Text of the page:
The Writings of Carl Schurz/From Charles Sumner, October 20th, 1865


Boston, Oct. 20, 1865.

It is as I expected. It was so with the Chief Justice, who visited the South, by arrangement with the President, and who wrote to him from different places, until, at Mobile, he encountered proclamations, when he stopped. When he saw the President on his return nothing was said of his observation. It seems it was so with you.

I did not think the President in earnest when he invited you to make your tour. Since then he has been pushing forward his “experiment,” and I doubt not, will push it further, if Congress does not assume jurisdiction of the whole subject.

Of course, you will make your report. But you ought as soon as possible to make a speech.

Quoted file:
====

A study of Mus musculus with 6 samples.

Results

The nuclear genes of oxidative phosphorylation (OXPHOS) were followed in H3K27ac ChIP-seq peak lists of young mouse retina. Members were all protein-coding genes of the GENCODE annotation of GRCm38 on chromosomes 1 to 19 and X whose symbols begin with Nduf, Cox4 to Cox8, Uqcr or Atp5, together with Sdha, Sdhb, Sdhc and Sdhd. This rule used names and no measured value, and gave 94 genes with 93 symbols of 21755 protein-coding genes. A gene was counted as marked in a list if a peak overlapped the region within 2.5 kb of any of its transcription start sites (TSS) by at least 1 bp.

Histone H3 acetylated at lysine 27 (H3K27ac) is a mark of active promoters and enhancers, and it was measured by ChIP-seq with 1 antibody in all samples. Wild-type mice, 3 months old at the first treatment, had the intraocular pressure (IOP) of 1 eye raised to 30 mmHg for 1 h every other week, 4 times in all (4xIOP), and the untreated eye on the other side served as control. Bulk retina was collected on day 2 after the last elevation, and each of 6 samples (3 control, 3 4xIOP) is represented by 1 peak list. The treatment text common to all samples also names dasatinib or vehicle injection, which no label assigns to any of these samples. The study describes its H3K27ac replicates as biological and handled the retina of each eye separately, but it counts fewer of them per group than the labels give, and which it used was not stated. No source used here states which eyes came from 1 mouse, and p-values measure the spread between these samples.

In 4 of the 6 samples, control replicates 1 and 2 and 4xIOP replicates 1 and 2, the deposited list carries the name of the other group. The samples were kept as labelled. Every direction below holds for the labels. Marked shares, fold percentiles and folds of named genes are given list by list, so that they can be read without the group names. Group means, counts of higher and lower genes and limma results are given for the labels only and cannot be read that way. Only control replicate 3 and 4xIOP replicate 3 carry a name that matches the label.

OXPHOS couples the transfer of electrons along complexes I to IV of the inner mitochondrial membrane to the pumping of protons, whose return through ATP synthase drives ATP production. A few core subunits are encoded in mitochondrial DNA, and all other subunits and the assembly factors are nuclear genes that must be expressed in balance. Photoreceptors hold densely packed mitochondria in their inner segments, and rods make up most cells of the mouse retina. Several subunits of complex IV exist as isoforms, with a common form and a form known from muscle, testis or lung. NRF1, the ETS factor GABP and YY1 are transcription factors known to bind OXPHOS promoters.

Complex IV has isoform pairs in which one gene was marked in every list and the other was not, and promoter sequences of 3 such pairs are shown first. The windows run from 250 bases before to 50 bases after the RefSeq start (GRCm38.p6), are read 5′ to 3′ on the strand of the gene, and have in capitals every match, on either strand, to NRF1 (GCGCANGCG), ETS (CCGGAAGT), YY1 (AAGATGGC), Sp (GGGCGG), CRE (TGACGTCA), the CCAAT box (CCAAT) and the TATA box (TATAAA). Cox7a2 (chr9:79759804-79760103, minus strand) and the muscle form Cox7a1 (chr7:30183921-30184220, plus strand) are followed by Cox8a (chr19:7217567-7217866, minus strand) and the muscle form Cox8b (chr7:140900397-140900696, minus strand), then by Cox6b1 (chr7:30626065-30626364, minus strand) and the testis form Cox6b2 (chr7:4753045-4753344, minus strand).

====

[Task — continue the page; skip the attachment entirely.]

Governor Andrew says he can meet you in New York a week from to-morrow (Saturday). I fear that I cannot.

I wish you could give me briefly an outline of your impressions. My own convictions are now stronger than ever with regard to our duty. The rebel States must not be allowed at once to participate in our Government. This privilege must be postponed. Meanwhile all parties will be prepared for the great changes in their political relations. There must be delay. The President does not see this and every step that he takes is toward perdition.

Never was the way so clear or the opportunity so great. The President might have given peace to the country and made it a mighty example of justice to mankind. Instead of this consummation, he revives the old Slave Oligarchy, envenomed by war, and gives it a new lease of terrible power. This Republic cannot be lost; but the President has done very much to lose it. We must work hard to save it.

St. Louis is a central place. But I long to see you in Congress, where you can act directly by public speech on the country. But less than anybody, do you need Congress. You have already the public ear. I hope you will speak soon.